Cardinal O’Malley seen as top contender for pope
UNDATED (WHDH) -- Cardinal Sean O’Malley has made such an impact on Boston’s community -- but it turns out, he actually has been getting a lot of attention in Italy as well.
Over the weekend, a leading Italian newspaper named O’Malley as a top contender for the most powerful position in the church. He's the talk of the town in Rome.
“All the buzz that's going on right now, all the taxi drivers, all the hotel workers they all love their ‘cappuccino cardinal,’ our own Cardinal Sean O’Malley,” said Scot Landry, Archdiocese of Boston.
Cardinal O’Malley has emerged as a popular choice for pope, and those who know him say there are a lot of reasons.
“He’s a special priest, he's Franciscan, he speaks multiple languages, he's very humbled, down to earth and he's super intelligent and he knows the business of the church really well,” said Terrence Donilon, Archdiocese of Boston.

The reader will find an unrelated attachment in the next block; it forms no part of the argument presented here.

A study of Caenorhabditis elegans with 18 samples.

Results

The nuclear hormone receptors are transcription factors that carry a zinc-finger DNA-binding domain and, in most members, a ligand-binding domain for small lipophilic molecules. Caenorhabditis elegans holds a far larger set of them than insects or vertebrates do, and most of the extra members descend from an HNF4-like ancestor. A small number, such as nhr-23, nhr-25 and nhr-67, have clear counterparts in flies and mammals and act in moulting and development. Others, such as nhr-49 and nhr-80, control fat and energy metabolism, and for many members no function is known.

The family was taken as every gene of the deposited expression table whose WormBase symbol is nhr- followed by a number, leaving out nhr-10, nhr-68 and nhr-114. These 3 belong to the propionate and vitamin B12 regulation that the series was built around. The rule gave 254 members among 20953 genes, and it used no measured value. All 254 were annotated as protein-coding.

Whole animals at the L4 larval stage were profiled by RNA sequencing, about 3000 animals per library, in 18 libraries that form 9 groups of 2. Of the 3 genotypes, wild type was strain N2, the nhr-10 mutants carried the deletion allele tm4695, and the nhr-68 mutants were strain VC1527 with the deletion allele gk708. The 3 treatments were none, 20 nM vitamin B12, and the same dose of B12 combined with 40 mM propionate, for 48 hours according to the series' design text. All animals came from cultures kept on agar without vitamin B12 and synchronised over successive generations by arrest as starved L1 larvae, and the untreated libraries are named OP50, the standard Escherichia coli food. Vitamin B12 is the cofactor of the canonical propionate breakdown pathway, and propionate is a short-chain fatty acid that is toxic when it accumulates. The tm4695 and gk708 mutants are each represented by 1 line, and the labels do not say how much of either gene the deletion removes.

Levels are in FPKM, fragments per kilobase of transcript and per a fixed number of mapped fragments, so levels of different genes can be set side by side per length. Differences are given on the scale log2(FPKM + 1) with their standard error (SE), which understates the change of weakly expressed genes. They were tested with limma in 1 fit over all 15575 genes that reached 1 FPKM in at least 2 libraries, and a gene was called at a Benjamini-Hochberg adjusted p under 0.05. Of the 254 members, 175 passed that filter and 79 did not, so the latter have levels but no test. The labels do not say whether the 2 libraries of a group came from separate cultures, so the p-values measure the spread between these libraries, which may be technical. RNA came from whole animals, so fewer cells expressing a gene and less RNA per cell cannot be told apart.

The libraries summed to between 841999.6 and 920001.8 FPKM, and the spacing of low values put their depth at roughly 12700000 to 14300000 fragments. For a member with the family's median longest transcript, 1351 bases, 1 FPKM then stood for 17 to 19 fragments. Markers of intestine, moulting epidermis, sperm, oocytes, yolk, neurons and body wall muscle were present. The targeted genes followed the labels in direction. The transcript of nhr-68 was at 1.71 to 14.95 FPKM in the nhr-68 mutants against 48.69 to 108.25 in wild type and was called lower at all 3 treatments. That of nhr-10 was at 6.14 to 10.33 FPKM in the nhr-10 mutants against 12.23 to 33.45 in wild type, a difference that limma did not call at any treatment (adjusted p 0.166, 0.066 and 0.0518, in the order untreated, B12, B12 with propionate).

Being a Franciscan -- seen by many as the simplest order of the priesthood --makes him a favorite to the Italians. He also speaks seven languages including Italian, which he showed during a Mass Sunday.
Cardinal O’Malley also speaks Spanish and has done work in Latin America. With 40 percent of Catholics now living in Latin America, that's seen as an advantage.
Those who have met him also say the cardinal is straight forward.
“He knows what he's talking about. He’s very direct, he doesn't pussyfoot around and I like that,” said Mike McKeating, who met Cardinal O’Malley.
And he's faced the church's sex abuse scandal head on. In Boston, he's worked to make sure any abuse is reported immediately. He's also called on the next pope to face the crisis worldwide.
“Being an American isn't something that's going to hold him back. He's one of the best preachers we have in the church; he's one of the best evangelists we've had in the Church,” said Landry.
And the cardinal has used technology to spread the word. He blogs, records podcasts and even uses Twitter, pushing the church into the 21st century.
When 7News asked the cardinal before he left for Rome what he thought of all the speculation about the possibility he could become the pope, he was humble, and mostly laughed off the buzz -- saying he bought a round-trip ticket.